SEC to Rein In Credit Rating Agencies

October 7, 2009 Updated: October 7, 2009

During the financial crisis, many economists blamed credit rating agencies for failing investors, assigning top ratings to complex and risky mortgage-backed securities. The agencies’ close relationship with securities issuers also clouded their independence.

A year later, the Securities and Exchange Commission (SEC) is taking steps to introduce new rules to oversee and regulate the industry. The credit rating agencies—Standard & Poor’s and Moody’s being the most prominent—assign credit ratings to companies and securities, and in turn, investors rely on such ratings to determine risk and default possibilities.

The SEC proposed six initiatives that attempt to strengthen oversight, tighten the regulatory framework, require increased historical rating information, and address conflict of interest and other relevant issues to improve transparency and accountability.

Currently, only 10 agencies—A.M. Best Company Inc., DBRS Ltd., Egan-Jones Ratings Co., Fitch Ratings Inc., Japan Credit Rating Agency Ltd., LACE Financial Corp., Moody’s Investors Service Inc., Rating and Investment Information Inc., Realpoint LLC, and Standard & Poor’s (S&P) Ratings Services made the list of the SEC’s approved rating agencies. S&P is a division of McGraw-Hill Cos.

SEC Micromanaging?

Since January, President Barack Obama has introduced a slew of new measures aimed at shoring up regulation of the financial markets. New and extensive powers were granted to the Federal Reserve, the SEC, the U.S. Treasury, and the Federal Deposit Insurance Corp.

Populist backlash from Americans has also contributed to the recent hand-wringing by federal regulators.

“Investors often consider ratings when evaluating whether to purchase or sell a particular security,” said Mary L. Schapiro, SEC chairwoman, in a recent SEC open meeting. “That reliance did not serve them well over the last several years and it is incumbent upon us to do all that we can to improve the reliability and integrity of the ratings process and give investors the appropriate context for evaluating whether ratings deserve their trust.”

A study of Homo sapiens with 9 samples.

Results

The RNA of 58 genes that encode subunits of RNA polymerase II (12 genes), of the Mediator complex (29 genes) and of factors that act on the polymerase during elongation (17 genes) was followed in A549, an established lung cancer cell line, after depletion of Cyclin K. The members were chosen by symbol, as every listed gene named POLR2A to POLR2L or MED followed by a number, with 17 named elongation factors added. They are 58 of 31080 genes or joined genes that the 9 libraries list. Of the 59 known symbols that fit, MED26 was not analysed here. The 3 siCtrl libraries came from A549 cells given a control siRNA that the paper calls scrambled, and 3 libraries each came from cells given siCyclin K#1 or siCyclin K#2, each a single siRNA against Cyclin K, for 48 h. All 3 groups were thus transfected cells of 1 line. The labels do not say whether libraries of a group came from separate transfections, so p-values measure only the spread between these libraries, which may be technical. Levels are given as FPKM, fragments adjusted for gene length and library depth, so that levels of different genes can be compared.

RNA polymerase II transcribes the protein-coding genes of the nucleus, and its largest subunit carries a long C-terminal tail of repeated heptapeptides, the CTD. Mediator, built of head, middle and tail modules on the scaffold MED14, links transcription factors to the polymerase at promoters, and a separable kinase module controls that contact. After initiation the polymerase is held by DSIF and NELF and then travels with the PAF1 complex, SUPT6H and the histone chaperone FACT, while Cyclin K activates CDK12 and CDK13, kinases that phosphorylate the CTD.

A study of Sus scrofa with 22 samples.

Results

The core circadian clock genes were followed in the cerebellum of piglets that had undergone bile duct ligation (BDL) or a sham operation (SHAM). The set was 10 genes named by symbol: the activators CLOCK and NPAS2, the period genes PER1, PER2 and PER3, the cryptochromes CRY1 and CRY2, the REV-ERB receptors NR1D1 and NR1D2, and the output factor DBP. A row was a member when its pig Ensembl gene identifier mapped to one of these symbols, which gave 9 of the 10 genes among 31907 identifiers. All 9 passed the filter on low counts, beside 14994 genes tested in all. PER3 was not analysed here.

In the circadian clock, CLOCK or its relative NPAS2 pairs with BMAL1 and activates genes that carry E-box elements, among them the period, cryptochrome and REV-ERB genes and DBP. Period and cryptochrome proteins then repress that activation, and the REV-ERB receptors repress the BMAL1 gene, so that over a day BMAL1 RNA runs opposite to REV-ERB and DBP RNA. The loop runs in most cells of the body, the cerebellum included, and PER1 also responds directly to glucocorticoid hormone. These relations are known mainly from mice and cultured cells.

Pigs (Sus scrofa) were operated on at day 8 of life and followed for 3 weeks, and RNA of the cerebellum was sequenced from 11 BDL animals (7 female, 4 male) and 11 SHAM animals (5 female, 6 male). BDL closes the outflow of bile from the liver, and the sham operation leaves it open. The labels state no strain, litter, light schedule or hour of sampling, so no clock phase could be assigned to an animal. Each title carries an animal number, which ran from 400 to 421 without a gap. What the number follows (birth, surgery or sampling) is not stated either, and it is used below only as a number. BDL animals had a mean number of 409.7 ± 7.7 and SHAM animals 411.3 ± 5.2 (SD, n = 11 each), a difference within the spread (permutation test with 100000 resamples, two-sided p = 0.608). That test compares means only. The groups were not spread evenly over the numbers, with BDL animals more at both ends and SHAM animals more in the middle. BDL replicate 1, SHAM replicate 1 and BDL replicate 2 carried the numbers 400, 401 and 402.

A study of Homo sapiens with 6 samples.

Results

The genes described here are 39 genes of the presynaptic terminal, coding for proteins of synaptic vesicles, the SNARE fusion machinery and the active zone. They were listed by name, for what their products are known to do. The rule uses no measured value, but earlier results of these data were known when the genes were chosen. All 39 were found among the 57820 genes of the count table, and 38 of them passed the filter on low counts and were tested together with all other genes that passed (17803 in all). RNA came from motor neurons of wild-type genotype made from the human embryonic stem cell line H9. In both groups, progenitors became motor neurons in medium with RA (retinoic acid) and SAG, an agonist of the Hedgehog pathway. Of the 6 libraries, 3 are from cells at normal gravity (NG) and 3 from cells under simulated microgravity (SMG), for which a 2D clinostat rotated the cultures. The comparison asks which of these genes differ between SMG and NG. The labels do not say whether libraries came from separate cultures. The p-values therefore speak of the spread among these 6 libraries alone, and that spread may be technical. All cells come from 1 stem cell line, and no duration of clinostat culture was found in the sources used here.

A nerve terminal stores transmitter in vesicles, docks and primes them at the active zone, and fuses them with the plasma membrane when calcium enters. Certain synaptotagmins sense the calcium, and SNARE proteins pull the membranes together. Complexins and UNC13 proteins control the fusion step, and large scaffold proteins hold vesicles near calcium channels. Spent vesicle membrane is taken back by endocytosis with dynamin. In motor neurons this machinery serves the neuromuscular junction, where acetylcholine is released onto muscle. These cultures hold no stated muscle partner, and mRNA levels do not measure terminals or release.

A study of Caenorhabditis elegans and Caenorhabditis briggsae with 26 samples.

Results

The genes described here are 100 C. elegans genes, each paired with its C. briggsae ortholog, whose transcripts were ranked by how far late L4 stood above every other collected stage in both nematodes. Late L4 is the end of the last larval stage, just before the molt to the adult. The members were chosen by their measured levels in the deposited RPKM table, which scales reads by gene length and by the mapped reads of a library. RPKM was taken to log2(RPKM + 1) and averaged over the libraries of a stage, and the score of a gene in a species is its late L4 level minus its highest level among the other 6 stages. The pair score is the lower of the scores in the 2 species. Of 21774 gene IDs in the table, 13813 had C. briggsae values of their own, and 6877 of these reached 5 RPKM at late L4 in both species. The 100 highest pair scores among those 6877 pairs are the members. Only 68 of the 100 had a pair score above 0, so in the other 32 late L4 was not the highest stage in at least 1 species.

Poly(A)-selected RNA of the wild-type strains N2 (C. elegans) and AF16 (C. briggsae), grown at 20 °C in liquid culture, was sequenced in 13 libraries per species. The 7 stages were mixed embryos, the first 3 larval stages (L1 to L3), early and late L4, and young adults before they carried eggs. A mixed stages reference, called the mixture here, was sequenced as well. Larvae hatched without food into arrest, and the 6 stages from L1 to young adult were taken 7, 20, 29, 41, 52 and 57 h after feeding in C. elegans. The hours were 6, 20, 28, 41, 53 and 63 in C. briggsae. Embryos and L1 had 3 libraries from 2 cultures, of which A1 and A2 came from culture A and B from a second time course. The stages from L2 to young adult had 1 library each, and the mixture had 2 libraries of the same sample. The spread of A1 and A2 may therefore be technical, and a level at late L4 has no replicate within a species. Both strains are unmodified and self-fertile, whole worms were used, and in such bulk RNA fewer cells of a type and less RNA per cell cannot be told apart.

At the meeting, SEC Commissioner Luis A. Aguilar indicated that rating agencies in the past have veered away from serving the public. Investors lost trust, as the agencies were at best, ambiguous about their ratings criteria, and at worst, hid their conflicts of interest.

While Aguilar discussed all that is wrong with rating agencies and how specific issues are being addressed by the proposed rules, he cautioned about overreaction due to the present crisis.

“I am becoming increasingly concerned that the Commission is imposing too large of a burden on Boards of Directors of investment companies by blurring the line between appropriate oversight and day-to-day management,” Aguilar said. “I do not think that it is in the best interests of investors for directors to be expected to be in the business of day-to-day credit determinations.”

Some SEC officials pointed to a lack of competition in the industry, noting that 98 percent of all ratings were generated by the three top rating agencies—Moody’s, S&P, and Fitch.

“Policymakers should proceed cautiously when trying to increase competition among raters, and be aware of the potential drawbacks. Modest competition may allow raters to think more about their long-term standing and less about winning business today,” Bo Becker, professor at the Harvard Business School, said in a recent interview with Working Knowledge, the publishing arm of the Harvard Business School.

More competition would make it easier for the SEC to bar or discipline a single rating agency for misleading ratings, while still retaining enough players for a healthy and competitive environment.

Conversely, Becker found in his research that competition could lead to more favorable ratings, as the agencies want to obtain future business from the securities issuers.

“Third-party ratings are produced by profit-making firms, and that system, which has generally worked very well, is not flawless. If you want to really know the value of a security, there is no shortcut to doing the work yourself [instead of relying on the ratings],” Becker said in the interview.